Yes, there is life beyond high school


Keaton Freet, Reporter

As teenagers, we are transitioning into maturity. We are also beginning to take on many of the responsibilities that come with adulthood, but this doesn’t mean that we should be taking our lives too seriously.

We tend to see events in high school as the “last chance” at this or at that. Social events like prom are widely seen to be important, universal experiences. Anyone who has seen a John Hughes movie can attest to the fact that high school life is romanticized in our culture.

On top of this, academic pursuits, like standardized testing preparation and college essays, can be significant stressors in our lives. The mentality of many a suburban parent is that a child’s youth is his/her foundation upon which to build the rest of his/her life. When this mentality is adopted by the child, it’s not surprising that students develop academic anxiety.

Be it socially or academically, students are pressured to take advantage of their youth. In reality, their youth probably isn’t as important as it seems.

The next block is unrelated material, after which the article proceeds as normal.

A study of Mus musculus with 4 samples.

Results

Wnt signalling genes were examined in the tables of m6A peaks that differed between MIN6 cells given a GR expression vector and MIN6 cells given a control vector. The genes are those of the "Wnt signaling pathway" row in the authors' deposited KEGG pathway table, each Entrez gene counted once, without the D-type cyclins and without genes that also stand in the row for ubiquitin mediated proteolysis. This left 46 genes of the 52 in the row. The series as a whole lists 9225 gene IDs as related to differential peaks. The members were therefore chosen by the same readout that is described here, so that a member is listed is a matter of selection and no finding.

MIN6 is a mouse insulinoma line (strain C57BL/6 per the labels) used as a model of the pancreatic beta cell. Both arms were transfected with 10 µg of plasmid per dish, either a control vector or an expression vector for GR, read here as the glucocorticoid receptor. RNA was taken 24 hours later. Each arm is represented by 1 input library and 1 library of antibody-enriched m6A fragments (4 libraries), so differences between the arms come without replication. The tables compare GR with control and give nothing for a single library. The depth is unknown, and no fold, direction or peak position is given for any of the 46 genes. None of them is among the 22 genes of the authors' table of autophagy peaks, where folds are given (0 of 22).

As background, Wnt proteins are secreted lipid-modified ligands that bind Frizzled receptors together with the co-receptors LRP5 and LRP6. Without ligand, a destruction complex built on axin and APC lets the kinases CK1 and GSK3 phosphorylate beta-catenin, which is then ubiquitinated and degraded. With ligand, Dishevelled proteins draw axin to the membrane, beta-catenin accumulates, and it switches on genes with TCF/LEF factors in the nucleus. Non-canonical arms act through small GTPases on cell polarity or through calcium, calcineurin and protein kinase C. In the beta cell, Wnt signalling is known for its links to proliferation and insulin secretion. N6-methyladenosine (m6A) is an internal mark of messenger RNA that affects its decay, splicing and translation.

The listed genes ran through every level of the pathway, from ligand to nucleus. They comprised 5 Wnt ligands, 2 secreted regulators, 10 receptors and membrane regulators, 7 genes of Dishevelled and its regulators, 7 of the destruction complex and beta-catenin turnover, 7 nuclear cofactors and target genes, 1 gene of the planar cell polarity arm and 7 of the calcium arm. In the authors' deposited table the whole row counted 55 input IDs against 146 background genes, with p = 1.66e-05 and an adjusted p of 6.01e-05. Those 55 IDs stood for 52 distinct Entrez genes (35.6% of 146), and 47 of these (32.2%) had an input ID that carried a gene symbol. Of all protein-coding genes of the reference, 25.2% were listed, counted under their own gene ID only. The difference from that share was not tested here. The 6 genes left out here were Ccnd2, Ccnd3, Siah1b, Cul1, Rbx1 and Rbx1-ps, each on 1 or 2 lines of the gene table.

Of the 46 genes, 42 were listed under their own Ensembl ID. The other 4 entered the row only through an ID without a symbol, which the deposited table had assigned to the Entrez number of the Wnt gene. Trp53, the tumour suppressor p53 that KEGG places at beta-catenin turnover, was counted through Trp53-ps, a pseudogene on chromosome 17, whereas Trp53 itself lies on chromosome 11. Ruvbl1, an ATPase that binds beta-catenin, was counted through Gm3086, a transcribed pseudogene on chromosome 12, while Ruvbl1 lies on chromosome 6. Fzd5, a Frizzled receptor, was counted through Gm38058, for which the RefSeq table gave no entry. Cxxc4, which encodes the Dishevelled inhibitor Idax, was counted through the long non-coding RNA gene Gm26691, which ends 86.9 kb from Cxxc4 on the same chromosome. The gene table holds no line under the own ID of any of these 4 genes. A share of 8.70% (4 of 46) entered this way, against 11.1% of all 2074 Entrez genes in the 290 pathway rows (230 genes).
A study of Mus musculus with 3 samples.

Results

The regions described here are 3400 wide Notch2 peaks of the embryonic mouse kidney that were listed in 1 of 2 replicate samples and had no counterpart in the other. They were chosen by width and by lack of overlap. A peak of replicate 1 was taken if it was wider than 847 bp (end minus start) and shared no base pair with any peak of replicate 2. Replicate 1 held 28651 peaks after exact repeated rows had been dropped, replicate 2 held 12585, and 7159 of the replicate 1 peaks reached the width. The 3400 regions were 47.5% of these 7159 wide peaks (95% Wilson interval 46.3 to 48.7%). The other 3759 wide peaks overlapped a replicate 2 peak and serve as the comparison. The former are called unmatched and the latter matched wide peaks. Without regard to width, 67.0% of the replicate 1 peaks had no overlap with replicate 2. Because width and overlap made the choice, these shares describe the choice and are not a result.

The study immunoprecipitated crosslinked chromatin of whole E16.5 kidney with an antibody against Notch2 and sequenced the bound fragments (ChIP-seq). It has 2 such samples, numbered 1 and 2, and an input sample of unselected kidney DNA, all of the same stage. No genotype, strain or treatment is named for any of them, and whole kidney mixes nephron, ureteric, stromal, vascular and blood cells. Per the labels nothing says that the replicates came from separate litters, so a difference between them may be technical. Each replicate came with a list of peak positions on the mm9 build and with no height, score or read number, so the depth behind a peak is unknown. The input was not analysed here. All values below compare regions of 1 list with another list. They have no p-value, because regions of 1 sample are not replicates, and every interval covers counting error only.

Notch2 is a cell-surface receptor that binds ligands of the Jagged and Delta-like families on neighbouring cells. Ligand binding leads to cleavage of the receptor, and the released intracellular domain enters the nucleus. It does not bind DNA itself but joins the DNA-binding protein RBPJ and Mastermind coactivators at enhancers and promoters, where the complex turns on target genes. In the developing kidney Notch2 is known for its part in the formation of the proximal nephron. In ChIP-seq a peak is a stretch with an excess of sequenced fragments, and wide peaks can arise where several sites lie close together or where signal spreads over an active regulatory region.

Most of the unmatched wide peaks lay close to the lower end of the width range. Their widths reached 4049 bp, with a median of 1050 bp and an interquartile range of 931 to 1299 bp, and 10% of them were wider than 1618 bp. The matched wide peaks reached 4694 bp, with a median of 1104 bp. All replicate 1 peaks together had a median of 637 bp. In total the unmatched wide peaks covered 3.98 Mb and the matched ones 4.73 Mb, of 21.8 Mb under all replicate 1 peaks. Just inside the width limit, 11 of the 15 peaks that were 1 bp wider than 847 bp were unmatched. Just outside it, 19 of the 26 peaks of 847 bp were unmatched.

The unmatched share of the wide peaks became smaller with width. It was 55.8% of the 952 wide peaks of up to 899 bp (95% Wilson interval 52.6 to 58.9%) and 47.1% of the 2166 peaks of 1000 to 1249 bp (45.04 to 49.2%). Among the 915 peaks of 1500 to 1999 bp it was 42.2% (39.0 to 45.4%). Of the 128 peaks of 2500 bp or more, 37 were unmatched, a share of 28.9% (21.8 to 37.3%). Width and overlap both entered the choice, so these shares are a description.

Of course, the neurological development of adolescents makes it important for teens to stimulate themselves mentally and socially, but this isn’t to say that someone’s youth is their last chance at personal growth. Research in neuroplasticity has shown that adults do have the capacity to learn new skills and concepts later in life, albeit with slightly more difficulty. As for social development, you can rest assured that people meet friends outside of high school. This is not your last opportunity to socialize.

Besides, even if high school were the “last chance” for students to laugh and learn together, how could they do that with GPAs or social politics hanging over their heads?

Mentally and socially, we are still developing human beings, but that doesn’t mean that our courses in life will be carved in stone after graduation. The decisions we make every day of our lives will continue to be important long after our youth fades, and very few decisions we make today will have lasting consequences.

This isn’t to say you shouldn’t socialize to your heart’s content, or work to pursue whatever college or occupation you feel you should, but remember that these years do not define your life.